Lt. Cliff McWhite resigned with 19 years of service with the Baltimore Police Department.
Lt. Cliff McWhite resigned with 19 years of service with the Baltimore Police Department. (Handout photo)

A former high-ranking Baltimore police commander — who the department said in April stepped down for "personal reasons" — was charged Wednesday with theft.

Prosecutors said Lt. Col. Clifton McWhite was charged with theft between $1,000 and $10,000 following a joint investigation by the city state's attorney's office and the Police Department.


McWhite's attorney, Ivan Bates, said McWhite had taken classes online at what he thought was a legitimate school, and the school had sent his transcript to the Police Department.


Bates said McWhite is only accused of recieving $1,700 extra pay as a result. He stopped receiving the credit after he was promoted to commander several years ago. He said McWhite also offered to pay the money back but was not given the opportunity.

"His promotions had nothing to do with his resume — it had everything to do with his job performance," Bates said. "They're going to prosecute this man over $1,700?"

Bates also said that a Baltimore Police internal audit showed other officers also claimed degrees from questionable schools.


Records show that McWhite, a 19-year veteran, was paid $100,017 in fiscal year 2013, from a base salary of $98,000.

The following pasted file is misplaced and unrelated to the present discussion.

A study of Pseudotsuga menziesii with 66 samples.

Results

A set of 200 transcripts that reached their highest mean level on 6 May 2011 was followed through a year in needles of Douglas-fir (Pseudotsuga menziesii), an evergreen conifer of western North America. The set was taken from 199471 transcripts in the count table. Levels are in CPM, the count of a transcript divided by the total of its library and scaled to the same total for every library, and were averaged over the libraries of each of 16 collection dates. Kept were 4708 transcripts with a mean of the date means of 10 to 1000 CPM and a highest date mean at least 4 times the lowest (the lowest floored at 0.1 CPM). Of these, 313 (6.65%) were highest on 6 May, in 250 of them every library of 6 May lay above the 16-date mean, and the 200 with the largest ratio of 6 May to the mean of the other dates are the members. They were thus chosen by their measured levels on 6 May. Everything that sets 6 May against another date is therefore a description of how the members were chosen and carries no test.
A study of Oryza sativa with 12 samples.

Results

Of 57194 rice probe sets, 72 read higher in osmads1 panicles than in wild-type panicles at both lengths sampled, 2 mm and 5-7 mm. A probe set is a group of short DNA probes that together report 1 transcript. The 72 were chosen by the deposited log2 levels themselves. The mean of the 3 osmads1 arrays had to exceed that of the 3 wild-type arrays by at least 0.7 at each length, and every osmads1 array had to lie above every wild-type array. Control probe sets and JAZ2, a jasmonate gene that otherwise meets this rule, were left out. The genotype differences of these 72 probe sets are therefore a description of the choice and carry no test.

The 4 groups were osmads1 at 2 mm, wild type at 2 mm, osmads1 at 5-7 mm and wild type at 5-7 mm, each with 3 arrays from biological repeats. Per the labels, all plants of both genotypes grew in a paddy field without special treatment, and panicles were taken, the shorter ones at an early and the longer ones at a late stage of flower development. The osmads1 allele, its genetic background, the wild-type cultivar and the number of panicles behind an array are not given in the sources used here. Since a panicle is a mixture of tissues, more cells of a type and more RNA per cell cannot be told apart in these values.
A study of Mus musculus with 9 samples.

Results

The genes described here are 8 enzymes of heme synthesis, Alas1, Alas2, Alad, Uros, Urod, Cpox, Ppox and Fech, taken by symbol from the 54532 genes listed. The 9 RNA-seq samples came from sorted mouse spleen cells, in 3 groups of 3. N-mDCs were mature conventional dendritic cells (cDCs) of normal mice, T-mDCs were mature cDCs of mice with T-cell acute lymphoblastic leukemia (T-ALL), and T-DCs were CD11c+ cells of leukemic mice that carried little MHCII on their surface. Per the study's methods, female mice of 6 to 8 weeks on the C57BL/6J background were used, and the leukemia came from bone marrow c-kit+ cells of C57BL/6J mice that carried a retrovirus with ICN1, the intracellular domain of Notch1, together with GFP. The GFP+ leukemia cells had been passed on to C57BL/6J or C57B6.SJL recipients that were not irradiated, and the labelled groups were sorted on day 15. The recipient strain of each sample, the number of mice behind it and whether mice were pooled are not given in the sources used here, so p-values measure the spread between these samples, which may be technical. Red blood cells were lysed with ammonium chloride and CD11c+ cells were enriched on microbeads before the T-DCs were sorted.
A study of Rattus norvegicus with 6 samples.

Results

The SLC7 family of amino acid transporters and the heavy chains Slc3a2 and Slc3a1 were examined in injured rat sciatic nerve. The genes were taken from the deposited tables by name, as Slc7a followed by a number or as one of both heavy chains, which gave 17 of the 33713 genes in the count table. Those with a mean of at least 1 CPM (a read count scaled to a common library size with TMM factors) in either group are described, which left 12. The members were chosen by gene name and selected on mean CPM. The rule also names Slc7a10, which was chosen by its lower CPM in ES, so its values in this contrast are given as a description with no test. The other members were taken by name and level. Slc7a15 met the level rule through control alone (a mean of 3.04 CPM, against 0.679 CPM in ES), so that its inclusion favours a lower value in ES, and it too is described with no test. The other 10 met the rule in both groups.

Police spokesman Detective Ruganzu Howard said McWhite was a "former employee" and that "we don't have anything to say about" the charges. Howard declined to answer further questions.

In April, the agency called McWhite "a talented member of our team" whose service would be missed. Since then, the agency has not provided information requested by The Baltimore Sun about McWhite's promotions and corresponding pay raises, and what educational credentials McWhite had submitted.

Police also did not provide information on how much educational credit incentives are worth or what requirements are necessary to receive such bonuses.

McWhite was named in 2010 to oversee the section that includes the sex offense unit to implement reforms after The Sun reported that the department had classified a high number of rape cases as "unfounded." McWhite went on to be the commander of the Western District, and also oversaw the Special Enforcement Section when it was reconstituted.

At the time he stepped down, McWhite was one of three "area commanders," a position created by Police Commissioner Anthony W. Batts last year. McWhite oversaw the Western, Northwestern and Southwestern districts.

His departure came closely on the heels of the resignation of another area commander, Lt. Col. Dan Lioi. Lioi also has been criminally charged since leaving the agency for allegedly abusing his wife and violating a protective order in Harford County.

Police said officers seized five guns from Lioi's home — a standard practice in domestic-violence cases — one of which was determined to have been missing from the Police Department's evidence control.

Baltimore Sun reporter Justin George contributed to this article.